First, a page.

Loud Clothes and Being Unapologetically You

Loud Clothes and Being Unapologetically You

I’ve been thinking about my friend Stan. Stan was one the most outlandish people I’ve ever known. Fiercely independent, and an artist who worked with chrome. He built sculptures and furniture, his paintbrush was an arc welder. He created the most amazing sculptures from bumpers that have been salvaged. The smallest was a side table and weighed 15 pounds, the largest was 40 feet long and weighed several tons. I met him when I lived in Santa Fe. We worked together at a ski area just after I got out of college.

Stan was an icon. He would say what no one else was brave enough to. He was uninterested in just getting along and didn’t care if he was liked. Most people didn’t know what to make of Stan. I learned many lessons from Stan in his short life. He was unapologetically STAN. Take him or leave him, he was who he was. He was irksome, flamboyant and an amazing human. That’s probably the biggest lesson I took away from my friendship with Stan. His willingness to be unfiltered and live out loud everywhere. If Stan could stick out, he would. He was outlandish, loud and unafraid to make waves. Even in his choice of clothing.

There was a local outdoor store that made custom jackets and ski-wear at incredibly affordable prices. You could choose your colors, and for a few dollars more than buying clothes off the rack, you could have your jacket made to order. Stan would have his gear made here and always ordered his stuff in the brightest colors. A ski jacket so neon has to be unmistakable from a quarter-mile. Fleece pants so blindingly colorful in primary colors that a circus clown would have second thoughts. And he loved it.

The day he came to our house with his new gear, I  just laughed. I said, “That has got to be the ugliest outfit I’ve ever seen”. After a pregnant pause Stan said, “Well, I’d rather love my choices and have my clothes be considered ugly than spending my time worrying about fitting with and looking like everyone else.” That was a show-stopper for me.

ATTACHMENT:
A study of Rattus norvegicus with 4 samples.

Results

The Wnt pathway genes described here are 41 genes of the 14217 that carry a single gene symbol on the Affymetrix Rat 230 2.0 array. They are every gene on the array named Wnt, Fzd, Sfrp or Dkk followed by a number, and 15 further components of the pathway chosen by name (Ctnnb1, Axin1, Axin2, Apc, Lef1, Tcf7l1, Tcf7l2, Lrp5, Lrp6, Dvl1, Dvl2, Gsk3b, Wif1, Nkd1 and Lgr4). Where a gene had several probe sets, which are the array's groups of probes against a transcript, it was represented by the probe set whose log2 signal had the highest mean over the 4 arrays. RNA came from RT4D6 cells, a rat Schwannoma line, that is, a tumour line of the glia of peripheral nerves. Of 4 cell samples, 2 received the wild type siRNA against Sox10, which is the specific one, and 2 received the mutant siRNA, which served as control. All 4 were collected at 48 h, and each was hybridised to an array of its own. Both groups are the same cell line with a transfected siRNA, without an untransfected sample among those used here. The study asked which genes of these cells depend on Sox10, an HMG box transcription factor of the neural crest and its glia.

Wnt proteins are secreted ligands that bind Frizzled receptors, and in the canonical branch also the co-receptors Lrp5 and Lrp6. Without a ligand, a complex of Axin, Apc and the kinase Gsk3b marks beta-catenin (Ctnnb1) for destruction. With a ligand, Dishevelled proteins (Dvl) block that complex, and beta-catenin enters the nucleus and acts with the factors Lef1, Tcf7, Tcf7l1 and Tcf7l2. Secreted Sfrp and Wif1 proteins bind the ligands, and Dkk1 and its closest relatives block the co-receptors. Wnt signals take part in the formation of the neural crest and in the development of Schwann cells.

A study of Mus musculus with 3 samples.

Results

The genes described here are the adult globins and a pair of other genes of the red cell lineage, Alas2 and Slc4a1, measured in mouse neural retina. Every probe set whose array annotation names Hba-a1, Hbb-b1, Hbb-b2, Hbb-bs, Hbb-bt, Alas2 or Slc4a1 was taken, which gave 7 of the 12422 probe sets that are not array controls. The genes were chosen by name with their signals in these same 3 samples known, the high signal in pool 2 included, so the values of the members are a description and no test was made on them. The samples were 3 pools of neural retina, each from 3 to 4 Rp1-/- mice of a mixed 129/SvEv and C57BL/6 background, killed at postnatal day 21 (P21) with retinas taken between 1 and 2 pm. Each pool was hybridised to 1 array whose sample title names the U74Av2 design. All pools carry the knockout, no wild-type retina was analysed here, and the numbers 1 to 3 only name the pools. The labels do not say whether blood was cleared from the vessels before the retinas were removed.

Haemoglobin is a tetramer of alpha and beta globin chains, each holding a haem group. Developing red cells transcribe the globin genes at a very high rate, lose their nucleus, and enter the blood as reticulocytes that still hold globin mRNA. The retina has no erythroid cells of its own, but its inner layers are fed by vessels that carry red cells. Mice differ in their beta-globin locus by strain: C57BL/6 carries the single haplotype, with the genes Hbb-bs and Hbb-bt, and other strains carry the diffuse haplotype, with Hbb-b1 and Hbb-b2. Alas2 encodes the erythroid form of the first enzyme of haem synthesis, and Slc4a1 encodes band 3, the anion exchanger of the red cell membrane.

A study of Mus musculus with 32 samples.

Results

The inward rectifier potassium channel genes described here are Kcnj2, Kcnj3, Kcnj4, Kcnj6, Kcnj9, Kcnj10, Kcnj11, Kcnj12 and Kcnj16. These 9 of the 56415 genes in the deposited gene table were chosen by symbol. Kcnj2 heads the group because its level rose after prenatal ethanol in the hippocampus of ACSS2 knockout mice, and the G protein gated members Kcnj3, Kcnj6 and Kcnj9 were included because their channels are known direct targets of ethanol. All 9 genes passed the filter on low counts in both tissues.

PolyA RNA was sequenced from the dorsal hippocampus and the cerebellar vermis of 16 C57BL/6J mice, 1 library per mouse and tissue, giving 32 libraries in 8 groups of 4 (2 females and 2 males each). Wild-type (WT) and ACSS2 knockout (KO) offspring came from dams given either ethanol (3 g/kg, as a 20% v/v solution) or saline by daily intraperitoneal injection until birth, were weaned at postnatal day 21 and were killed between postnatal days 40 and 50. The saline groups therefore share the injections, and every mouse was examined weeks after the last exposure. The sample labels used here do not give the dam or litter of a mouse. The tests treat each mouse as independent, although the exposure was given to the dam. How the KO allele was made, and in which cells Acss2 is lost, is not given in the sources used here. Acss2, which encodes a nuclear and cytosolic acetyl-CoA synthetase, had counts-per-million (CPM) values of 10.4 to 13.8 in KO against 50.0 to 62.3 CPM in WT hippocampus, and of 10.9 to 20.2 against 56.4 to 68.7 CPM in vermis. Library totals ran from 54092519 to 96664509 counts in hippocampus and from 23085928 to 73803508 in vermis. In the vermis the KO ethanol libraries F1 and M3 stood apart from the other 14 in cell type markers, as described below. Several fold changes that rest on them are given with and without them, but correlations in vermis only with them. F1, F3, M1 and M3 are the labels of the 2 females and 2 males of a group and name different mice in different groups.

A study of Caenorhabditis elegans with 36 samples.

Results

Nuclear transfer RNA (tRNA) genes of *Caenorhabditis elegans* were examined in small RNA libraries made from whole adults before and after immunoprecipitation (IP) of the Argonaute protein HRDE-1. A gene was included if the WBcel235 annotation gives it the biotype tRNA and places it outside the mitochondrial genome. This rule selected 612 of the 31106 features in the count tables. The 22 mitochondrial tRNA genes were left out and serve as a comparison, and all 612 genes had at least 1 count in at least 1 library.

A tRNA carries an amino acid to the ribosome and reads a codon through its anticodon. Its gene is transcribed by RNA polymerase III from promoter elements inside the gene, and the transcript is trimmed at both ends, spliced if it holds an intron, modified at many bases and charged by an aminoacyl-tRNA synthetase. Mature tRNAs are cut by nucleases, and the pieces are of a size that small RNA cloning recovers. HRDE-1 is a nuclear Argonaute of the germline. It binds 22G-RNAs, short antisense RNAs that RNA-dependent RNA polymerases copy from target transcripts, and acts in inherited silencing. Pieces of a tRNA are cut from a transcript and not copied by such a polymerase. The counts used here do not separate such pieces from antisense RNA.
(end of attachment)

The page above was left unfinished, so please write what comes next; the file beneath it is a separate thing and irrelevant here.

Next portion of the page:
Stan is no longer with us, but my memories of him are strong. Most of his legacy is because of his beautiful art (which still stands in my yard), and his indomitable spirit. 

Some of my favorite experiences of myself are where I’m being uniquely me, somewhat outlandish and not fitting into the expectations of others. This includes to my wife and kids. We all have our unique interests, quirks, and things that make us “us”.

Where does the magic live? In the fringes, outside of what everybody else does and thinks. The magic isn’t fitting in or avoiding making waves. Some of my most memorable times with my kids are when we’ve chased down some whim I have. We are all geeks about our unique things.

You probably have interests, are energized by, or are super-curious about things that nobody else in your family is. When I jump out of the car and scamper off to a State Capitol building because I’m such a public-buildings-geek, I can actually hear the eye roll from my family, but that’s OK.

In that moment I’m like a kid in a candy store, and there’s nothing more fun than climbing up the marble staircases and knocking on Senator’s doors to ask them about the history of the building and state politics. While my kids may not end up loving State Capitols like I do, they won’t forget the times we spent together exploring the history and then taking them to a huge ice cream cone. They’ll remember the laughter and energy, and if I’m lucky, will be reminded that it’s ok to nerd-out on something they love and express it.

What thing is it that you keep hidden because nobody else is interested in it because it’s awkward for others because no one else around you does it? Stan is no longer with us, taken at a very young age. But of all the people who have left us in my life, he’s the one that most frequently comes to mind. His indomitable self-expression, unwavering commitment to authentically be himself and sharing his work with the world will always stay with me.